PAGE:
History and Architecture

Growth of the Town of Batley

Upper Batley in the 1700's would have taken the form of small cottages, with the exception of Batley Hall. The situation began to change with the invention of Shoddy by a Batley man around 1813. Shoddy, a form of cloth made from recycling rags, laid the foundations of prosperity. As Batley gained wealth, Upper Batley began to develop with larger Victorian houses. In keeping with their values and in response to the need for additional places of worship in the town the local wealthy business people invested in the church of St Thomas at Grosvenor Road. Several wealthier residents also helped fund the construction of a school and a hospital. Upper Batley is now a conservation area which importantly still includes the school, a former hospital and St Thomas Church.

The Land and Costs

The Church stands on land given by the Earl of Wilton in 1867 to the then Diocese of Ripon [prior to the creation of the Diocese of Wakefield in 1888]. The cost of the building, along with that of the School and adjacent Vicarage, was funded mainly by public subscription. The total cost, including the church organ, amounted to £10,343 2s 3d which would be around £4.3 million in today’s money! (estimate as at September 2018).

Design & Features

The church, which is now a Grade II listed building, was designed by Architect Walter Hanstock, by this time a resident of Batley, and was completed in 1868. Designed in a Gothic Revival Style the tower of the church is surmounted by a tall spire which is a landmark for many miles around and dominates the landscape of Upper Batley. Inside, the most spectacular feature is the stained-glass window at the east end of the church; this was given by Mr Hanstock’s business partner Michael Sheard and his wife Anne in memory of their daughter Gertrude who had died in 1867 at the age of 7 (see Photo Gallery). This and the other stained-glass windows along with the font, lectern and pulpit, were gifts from local men, many of whom had made their fortune when Batley was eminent as the “Shoddy Capital” of the world. The Conacher Pipe Organ which was installed in 1878, rebuilt in 1919 and converted to ‘solid state’ in 2014 remains central to our worship.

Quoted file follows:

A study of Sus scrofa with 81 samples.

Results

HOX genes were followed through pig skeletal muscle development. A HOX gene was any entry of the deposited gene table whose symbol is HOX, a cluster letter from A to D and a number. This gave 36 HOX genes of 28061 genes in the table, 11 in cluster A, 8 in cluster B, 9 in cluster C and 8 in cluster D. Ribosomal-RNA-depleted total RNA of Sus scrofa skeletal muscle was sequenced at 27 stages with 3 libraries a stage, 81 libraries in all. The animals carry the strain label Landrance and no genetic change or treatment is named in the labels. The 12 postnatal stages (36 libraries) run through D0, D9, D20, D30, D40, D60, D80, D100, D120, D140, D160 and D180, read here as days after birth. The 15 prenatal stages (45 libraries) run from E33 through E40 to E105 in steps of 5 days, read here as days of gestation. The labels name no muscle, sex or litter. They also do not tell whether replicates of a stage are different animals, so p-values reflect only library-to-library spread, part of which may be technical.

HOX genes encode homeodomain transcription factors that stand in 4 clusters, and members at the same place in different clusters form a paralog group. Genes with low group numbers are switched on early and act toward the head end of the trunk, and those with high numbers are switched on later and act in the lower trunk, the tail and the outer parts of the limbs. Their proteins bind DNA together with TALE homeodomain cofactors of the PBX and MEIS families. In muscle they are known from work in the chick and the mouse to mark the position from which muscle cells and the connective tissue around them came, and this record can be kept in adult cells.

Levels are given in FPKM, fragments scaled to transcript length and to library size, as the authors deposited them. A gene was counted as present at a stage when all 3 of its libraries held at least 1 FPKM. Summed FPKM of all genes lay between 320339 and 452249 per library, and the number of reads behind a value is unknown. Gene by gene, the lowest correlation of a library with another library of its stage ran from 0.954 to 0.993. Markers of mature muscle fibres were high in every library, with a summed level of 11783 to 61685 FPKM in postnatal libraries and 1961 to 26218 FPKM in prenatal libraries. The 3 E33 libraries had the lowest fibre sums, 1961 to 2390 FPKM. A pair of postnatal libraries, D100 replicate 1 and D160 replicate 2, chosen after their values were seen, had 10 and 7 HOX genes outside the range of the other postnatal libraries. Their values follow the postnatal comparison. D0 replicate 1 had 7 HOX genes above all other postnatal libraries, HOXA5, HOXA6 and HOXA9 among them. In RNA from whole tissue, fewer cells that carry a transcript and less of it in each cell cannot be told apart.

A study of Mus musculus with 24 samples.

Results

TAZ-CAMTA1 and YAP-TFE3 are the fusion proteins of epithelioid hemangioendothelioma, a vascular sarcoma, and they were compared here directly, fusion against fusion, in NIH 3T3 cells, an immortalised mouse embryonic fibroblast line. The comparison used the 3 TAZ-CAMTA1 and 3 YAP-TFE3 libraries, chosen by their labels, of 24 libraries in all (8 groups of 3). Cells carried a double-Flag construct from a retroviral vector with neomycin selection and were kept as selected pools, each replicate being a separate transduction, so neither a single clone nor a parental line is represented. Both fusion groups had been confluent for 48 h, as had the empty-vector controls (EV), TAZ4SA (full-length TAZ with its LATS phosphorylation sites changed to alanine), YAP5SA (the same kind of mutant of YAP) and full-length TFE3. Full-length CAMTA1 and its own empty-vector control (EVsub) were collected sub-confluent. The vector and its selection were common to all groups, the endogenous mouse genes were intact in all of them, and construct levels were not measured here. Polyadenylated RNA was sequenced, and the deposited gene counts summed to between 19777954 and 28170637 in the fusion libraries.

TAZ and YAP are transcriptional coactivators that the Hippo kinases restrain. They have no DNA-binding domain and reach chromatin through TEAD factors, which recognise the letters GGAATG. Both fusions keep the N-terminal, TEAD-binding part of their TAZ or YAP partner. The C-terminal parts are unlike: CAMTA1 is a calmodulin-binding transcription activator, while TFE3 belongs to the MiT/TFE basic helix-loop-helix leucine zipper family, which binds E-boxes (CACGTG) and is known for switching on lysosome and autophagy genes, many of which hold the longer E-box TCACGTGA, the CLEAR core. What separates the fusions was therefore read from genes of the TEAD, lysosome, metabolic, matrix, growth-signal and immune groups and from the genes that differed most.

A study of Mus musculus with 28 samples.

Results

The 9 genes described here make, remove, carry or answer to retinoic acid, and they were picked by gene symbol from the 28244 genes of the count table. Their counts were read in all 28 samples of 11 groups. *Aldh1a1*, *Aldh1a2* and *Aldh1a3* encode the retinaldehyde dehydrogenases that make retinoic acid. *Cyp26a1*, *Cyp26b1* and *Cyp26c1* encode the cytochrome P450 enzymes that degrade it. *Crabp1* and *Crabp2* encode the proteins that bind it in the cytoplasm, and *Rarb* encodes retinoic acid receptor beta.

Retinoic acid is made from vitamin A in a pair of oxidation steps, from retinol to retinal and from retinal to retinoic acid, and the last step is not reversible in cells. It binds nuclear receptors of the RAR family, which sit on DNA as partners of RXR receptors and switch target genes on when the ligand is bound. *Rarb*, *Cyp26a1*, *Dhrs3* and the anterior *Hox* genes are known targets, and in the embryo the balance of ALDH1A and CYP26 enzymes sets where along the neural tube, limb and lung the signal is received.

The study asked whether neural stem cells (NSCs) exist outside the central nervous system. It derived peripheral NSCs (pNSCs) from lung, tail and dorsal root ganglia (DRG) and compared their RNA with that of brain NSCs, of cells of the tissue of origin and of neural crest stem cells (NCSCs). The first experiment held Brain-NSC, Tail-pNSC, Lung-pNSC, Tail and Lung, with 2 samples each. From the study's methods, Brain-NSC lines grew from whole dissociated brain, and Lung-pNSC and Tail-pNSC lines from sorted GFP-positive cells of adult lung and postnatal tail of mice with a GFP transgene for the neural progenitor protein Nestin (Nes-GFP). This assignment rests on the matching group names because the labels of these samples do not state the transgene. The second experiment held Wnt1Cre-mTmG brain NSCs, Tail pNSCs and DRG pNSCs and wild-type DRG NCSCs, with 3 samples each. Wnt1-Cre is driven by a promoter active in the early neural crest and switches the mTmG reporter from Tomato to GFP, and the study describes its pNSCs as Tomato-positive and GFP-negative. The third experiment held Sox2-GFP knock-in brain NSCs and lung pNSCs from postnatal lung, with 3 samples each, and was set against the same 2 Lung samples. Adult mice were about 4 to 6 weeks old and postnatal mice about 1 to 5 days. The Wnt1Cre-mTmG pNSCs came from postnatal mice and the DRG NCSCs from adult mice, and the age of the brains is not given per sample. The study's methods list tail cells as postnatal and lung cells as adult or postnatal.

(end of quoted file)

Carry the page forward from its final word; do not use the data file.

Later Additions

The current high altar which was installed in 1954 is a fine example of oak furniture by Robert Thompson, Mouseman® of Kilburn, whilst the high altar rails were crafted by Martin Dutton ‘Lizardman’ from Huby, nr. York and were installed in 1957.

More Recent Additions & Alterations

The nave altar and altar rails, which were installed in 1975, were crafted by a local carpenter out of oak rescued from a church demolition in Huddersfield. The lights in the choir stalls were added in 1983.

In 2001, our Mission Church of St. Luke's in Soothill closed its doors for the last time but several artefacts were saved and subsequently incorporated into St Thomas’. These items include the altar and wooden reredos which are situated on the south side of the building. This section of the church is considered to be ‘St Luke’s Chapel’ and is used regularly for mid-week services.

During 2005 the interior of the building was reordered; the pews were removed and replaced with chairs to create more flexibility; a meeting room/kitchenette was created in the north west corner and an office was created in the south west corner which was originally the main entrance to the building, although this has since been converted in to our Prayer Room; the west door became the main entrance and a new internal porch was added. Disabled access was installed to the west door and toilet facilities suitable for all were incorporated on the south side

With the exclusion of the above and works of repair, in particular major repairs to the tower and spire in 2012, redecoration and improvements to heating and lighting, the church, particularly its structure, remains as it was in 1868.